Lilith

I have found that I can create a javascript scroll bar with custom css to make it unique, but I have no idea where to place the code! Header.php, in each separate file, some kind of mixture to this? What do more experienced coders think is the best practice? Lets use userlist.php from the free mods section (don't care if the mod works, just want to use an example of where to place the code for the scroll bar from the free mods available here.) http://makewebgames.io/showthread.php/36303-New-Userlist!?highlight=userlist

If you would place it in the header.php, please describe very well where you would place it, and what code snipets you would use and why.

Keep in mind, the point of this discussion is for the sake of learning how to do something like this, not to bag on someone's coding skills (or the lack of mine).

For those who don't understand what I am talking about .... here is it in digital crayon:

layoutbar.thumb.jpg.7f22bc2976333f2dc0149d96b50cdedd.jpg


Try and think about how you can structure your game to reduce the amount of scrolling required. For example the main menu doesnt have to have everything in it. Certain links could be in the header for example.

As for things like the inventory. Split up the page so that equipment items load in the page when the equipment tab is clicked.

Come over to rulerofzu.com have a look if your not sure what I mean.


- Use the mouse wheel to navigate.

- Find easily with a simple / and type.

So even if the scrollbar doesn't always match the style, I still think they can actually be more practicable than having things split over multiple pages. Yet all remains to be seen how you implement things.

And without going to CSS for scrollbars (which sadly doesn't work on other browsers), you can use some JS / JQuery and images to have a nice replacement of the scrollbar and yet keep all the features (mouse wheel scroll and searchable).


were is the best place to add the code?

What is the best type of code to use? (Javascript, CSS, HTML, whatever else)


If you want a cross browser compatible scrollbar whos style is defined by the browser/os then use just css. (can be done with a minimum of two lines of code)


Ideally your keeping your css and js code compressed and in separate folders to be included into your code. It was recommended at the top but is now generally recommended at the bottom of the code. To be honest its marginal in speed wise either way.


The only reason why you would want to put includes and the bottom is if you know it's a slow query.

If it's local it doesn't make any sense as Javascript is executed after the DOM is loaded.

Though, there are very valid and good reasons why stylesheets come before script includes.

As far as I'm concerned, use the head tag. Otherwise, if you want to load/change it at runtime use Javascript.


Last time I checked JavaScript is executed as soon as it is loaded. The only way to have javascript execute After the DOM is loaded is by binding it to an onload event or placing it at the end of the DOM.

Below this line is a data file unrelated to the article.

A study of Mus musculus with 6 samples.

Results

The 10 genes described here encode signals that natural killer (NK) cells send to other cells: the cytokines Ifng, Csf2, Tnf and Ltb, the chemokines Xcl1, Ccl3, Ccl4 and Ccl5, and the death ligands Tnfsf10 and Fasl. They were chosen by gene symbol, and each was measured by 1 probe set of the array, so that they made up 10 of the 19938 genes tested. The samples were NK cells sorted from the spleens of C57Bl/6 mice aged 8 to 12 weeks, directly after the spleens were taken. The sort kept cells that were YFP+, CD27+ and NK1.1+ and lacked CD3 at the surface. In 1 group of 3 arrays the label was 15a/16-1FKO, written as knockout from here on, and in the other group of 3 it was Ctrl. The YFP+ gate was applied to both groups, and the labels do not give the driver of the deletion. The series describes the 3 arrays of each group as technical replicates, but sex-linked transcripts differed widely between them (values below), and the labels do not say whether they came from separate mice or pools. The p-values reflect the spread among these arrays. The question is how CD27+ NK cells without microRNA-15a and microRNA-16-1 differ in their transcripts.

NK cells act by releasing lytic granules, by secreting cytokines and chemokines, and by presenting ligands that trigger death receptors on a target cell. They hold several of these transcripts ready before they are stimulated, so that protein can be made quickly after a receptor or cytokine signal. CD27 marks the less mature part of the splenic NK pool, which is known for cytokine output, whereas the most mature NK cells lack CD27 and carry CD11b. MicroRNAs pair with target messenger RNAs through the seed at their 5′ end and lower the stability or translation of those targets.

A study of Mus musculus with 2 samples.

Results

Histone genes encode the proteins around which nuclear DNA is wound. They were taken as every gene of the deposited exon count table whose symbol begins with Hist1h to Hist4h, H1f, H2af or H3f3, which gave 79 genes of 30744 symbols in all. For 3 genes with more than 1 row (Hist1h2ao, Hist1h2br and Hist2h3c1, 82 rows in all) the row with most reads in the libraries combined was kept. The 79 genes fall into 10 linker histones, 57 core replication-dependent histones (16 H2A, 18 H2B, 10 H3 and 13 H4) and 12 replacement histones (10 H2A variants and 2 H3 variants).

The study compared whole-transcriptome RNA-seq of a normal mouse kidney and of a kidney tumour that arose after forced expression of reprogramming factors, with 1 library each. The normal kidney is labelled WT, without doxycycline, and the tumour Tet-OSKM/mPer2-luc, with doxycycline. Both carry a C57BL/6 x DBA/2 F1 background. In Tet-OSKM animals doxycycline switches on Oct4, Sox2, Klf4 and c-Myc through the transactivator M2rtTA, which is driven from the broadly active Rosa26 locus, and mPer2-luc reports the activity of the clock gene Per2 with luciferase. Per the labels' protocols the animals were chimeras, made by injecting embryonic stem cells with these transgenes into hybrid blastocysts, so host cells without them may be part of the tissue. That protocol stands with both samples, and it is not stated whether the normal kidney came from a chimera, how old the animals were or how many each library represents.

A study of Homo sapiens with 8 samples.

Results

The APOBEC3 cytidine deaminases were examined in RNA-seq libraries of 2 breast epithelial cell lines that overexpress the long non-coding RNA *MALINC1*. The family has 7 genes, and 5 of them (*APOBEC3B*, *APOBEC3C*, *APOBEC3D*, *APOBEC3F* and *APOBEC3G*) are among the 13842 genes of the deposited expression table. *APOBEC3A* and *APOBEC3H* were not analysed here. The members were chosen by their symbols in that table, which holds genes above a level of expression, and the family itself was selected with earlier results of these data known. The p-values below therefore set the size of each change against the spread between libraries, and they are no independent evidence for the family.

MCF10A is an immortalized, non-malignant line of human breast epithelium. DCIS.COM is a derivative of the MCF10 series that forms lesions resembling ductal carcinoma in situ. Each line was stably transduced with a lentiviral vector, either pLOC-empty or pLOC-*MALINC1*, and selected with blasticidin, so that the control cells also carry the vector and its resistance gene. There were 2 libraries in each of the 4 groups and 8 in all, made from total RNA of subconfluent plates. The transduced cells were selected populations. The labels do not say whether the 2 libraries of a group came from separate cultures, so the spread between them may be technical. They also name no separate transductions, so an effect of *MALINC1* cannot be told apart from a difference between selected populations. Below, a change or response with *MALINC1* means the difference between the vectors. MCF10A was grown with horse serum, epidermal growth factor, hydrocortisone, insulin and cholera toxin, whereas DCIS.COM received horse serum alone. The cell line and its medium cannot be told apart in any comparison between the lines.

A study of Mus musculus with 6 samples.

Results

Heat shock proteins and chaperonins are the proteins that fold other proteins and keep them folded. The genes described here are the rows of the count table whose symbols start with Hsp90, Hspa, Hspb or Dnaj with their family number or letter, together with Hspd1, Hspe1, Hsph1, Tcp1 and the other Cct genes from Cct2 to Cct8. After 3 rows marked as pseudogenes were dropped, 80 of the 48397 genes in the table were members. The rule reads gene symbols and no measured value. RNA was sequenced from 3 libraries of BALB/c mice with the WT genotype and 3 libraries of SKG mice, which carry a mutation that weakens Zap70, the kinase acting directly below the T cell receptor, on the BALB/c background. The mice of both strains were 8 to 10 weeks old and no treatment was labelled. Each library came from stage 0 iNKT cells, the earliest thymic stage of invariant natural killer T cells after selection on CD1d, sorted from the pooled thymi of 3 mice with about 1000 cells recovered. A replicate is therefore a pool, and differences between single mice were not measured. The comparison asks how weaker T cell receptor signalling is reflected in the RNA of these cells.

Consider the following:

http://pastebin.com/aYM00JHh

Edit: Had to link to paste bin because of the poor bbcode parsing.

Put this code into an html page and view it in your browser. "0" will be alerted because the JavaScript was loaded and executed before the DOM was loaded.

The same thing would happen if you were to put the JavaScript into a separate file.

HTML script tags by default are loaded synchronously so if the code is at the top of the page it will have no choice but to load first and execute. So if you don't want the code to run until after the DOM is loaded you will have to bind it to an onload event or place the code at the end of the DOM.

Edited by bluegman991

Consider the following:

http://pastebin.com/aYM00JHh

Edit: Had to link to paste bin because of the poor bbcode parsing.

Put this code into an html page and view it in your browser. "0" will be alerted because the JavaScript was loaded and executed before the DOM was loaded.

The same thing would happen if you were to put the JavaScript into a separate file.

HTML script tags by default are loaded synchronously so if the code is at the top of the page it will have no choice but to load first and execute. So if you don't want the code to run until after the DOM is loaded you will have to bind it to an onload event or place the code at the end of the DOM.

You are correct for most parts.

It should alert undefined, and depending from browser it may or may not throw an exception.

There is a twist in this tale though, since FF 3.5 Javascripts are loaded in the background and then returned to and executed.

There may be other newer browsers I don't know about, but for most part, as said, you are correct.


Not all script code can be placed further down than where you need it. It really depends on if your just calling all your script or using it on the fly.




This. Is correct.

But I don't know why one would want to execute Javascript when the DOM isn't fully loaded.

Mind shedding light on the subject for me?



I mean event onLoad versus parallel execution.


But I don't know why one would want to execute Javascript when the DOM isn't fully loaded.

Mind shedding light on the subject for me?

You can do all your pre-configuration before the document loads. Like:

  • Math
  • Send ajax requests to other pages
  • Parse data (cookies and other js environment data)
  • Retrieve data (cookies and other js environment data)

That way when the document loads all of your data will be ready for placement or whatever you plan to do with it after the DOM loads.